The Twelve Traditions of S.L.A.A.

  1. Our common welfare should come first; personal recovery depends upon S.L.A.A. unity.
  2. For our group purpose there is but one ultimate authority -- a loving God as this Power may be expressed through our group conscience. Our leaders are but trusted servants; they do not govern.
  3. The only requirement for S.L.A.A. membership is the desire to stop living out a pattern of sex and love addiction. Any two or more persons gathered together for mutual aid in recovering from sex and love addiction may call themselves an S.L.A.A. group, provided that as a group they have no other affiliation.
  4. Each group should be autonomous except in matters affecting other groups or S.L.A.A. as a whole.
  5. Each group has but one primary purpose -- to carry its message to the sex and love addict who still suffers.
  6. An S.L.A.A. group or S.L.A.A. as a whole ought never to endorse, finance, or lend the S.L.A.A. name to any related facility or outside enterprise, lest problems of money, property, or prestige divert us from our primary purpose.
  7. Every S.L.A.A. group ought to be fully self-supporting, declining outside contributions.
  8. S.L.A.A. should remain forever nonprofessional, but our service centers may employ special workers.
  9. S.L.A.A. as such ought never to be organized; but we may create service boards or committees directly responsible to those they serve.
  10. S.L.A.A. has no opinion on outside issues; hence the S.L.A.A. name ought never to be drawn into public controversy.
  11. Our public relations policy is based on attraction rather than promotion; we need always maintain personal anonymity at the level of press, radio, TV, film, and other public media. We need guard with special care the anonymity of all fellow S.L.A.A. members.
  12. Anonymity is the spiritual foundation of all our traditions, ever reminding us to place principles before personalities.

Copyright © 1985 The Augustine Fellowship, Sex and Love Addicts Anonymous, Fellowship-Wide Services, Inc. All Rights Reserved. The Twelve Traditions are reprinted and adapted with permission of Alcoholics Anonymous World Services, Inc. Permission to reprint and adapt the Twelve Traditions does not mean that A.A. is affiliated with this program. A.A. is a program of recovery from alcoholism only. Use of the Twelve Traditions in connection with programs and activities which are patterned after A.A., but which addresses other problems, does not imply otherwise.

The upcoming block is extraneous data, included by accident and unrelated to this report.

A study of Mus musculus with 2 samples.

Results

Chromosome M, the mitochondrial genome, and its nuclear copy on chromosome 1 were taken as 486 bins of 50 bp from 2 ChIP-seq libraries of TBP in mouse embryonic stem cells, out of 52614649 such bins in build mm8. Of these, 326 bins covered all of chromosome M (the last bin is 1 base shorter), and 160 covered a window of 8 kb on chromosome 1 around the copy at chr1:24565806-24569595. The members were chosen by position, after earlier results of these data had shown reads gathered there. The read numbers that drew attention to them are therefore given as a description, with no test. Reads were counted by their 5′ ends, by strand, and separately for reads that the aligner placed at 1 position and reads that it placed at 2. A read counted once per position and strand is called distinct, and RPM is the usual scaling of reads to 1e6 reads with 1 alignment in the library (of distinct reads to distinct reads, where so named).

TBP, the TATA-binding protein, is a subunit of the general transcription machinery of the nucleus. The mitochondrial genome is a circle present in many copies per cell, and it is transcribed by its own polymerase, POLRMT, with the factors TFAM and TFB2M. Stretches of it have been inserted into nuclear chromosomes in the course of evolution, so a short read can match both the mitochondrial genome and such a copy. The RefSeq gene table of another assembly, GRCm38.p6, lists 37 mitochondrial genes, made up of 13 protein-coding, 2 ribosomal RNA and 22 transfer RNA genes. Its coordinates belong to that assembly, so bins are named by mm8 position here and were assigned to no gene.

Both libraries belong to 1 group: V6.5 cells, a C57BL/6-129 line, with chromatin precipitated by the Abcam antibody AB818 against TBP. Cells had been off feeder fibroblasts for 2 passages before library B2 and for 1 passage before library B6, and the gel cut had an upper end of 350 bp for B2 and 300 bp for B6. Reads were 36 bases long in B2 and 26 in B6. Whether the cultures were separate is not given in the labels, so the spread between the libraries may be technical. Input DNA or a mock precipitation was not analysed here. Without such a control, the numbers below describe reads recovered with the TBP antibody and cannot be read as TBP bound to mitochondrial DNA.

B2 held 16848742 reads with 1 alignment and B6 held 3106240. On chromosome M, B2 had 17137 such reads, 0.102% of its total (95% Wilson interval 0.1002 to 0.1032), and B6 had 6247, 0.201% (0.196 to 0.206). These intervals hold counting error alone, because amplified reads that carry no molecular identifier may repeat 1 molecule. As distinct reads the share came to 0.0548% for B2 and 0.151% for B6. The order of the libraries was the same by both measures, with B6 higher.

The Twelve Traditions of Alcoholics Anonymous ©1955

1) Our common welfare should come first; personal recovery depends upon A.A. unity. 2) For our Group purpose there is but one ultimate authority — a loving God as He may express Himself in our Group conscience. Our leaders are but trusted servants; they do not govern. 3) The only requirement for A.A. membership is a desire to stop drinking. 4) Each Group should be autonomous except in matters affecting other Groups or A.A. as a whole. 5) Each Group has but one primary purpose — to carry its message to the alcoholic who still suffers. 6) An A.A. Group ought never endorse, finance, or lend the A.A. name to any related facility or outside enterprise, lest problems of money, property and prestige divert us from our primary purpose. 7) Every A.A. Group ought to be fully self-supporting, declining outside contributions. 8) Alcoholics Anonymous should remain forever non-professional, but our service centers may employ special workers. 9) A.A., as such, ought never be organized; but we may create service boards or committees directly responsible to those they serve. 10) Alcoholics Anonymous has no opinion on outside issues; hence the A.A. name ought never be drawn into public controversy. 11) Our public relations policy is based on attraction rather than promotion; we need always maintain personal anonymity at the level of press, radio and films. 12) Anonymity is the spiritual foundation of all our Traditions, ever reminding us to place principles before personalities.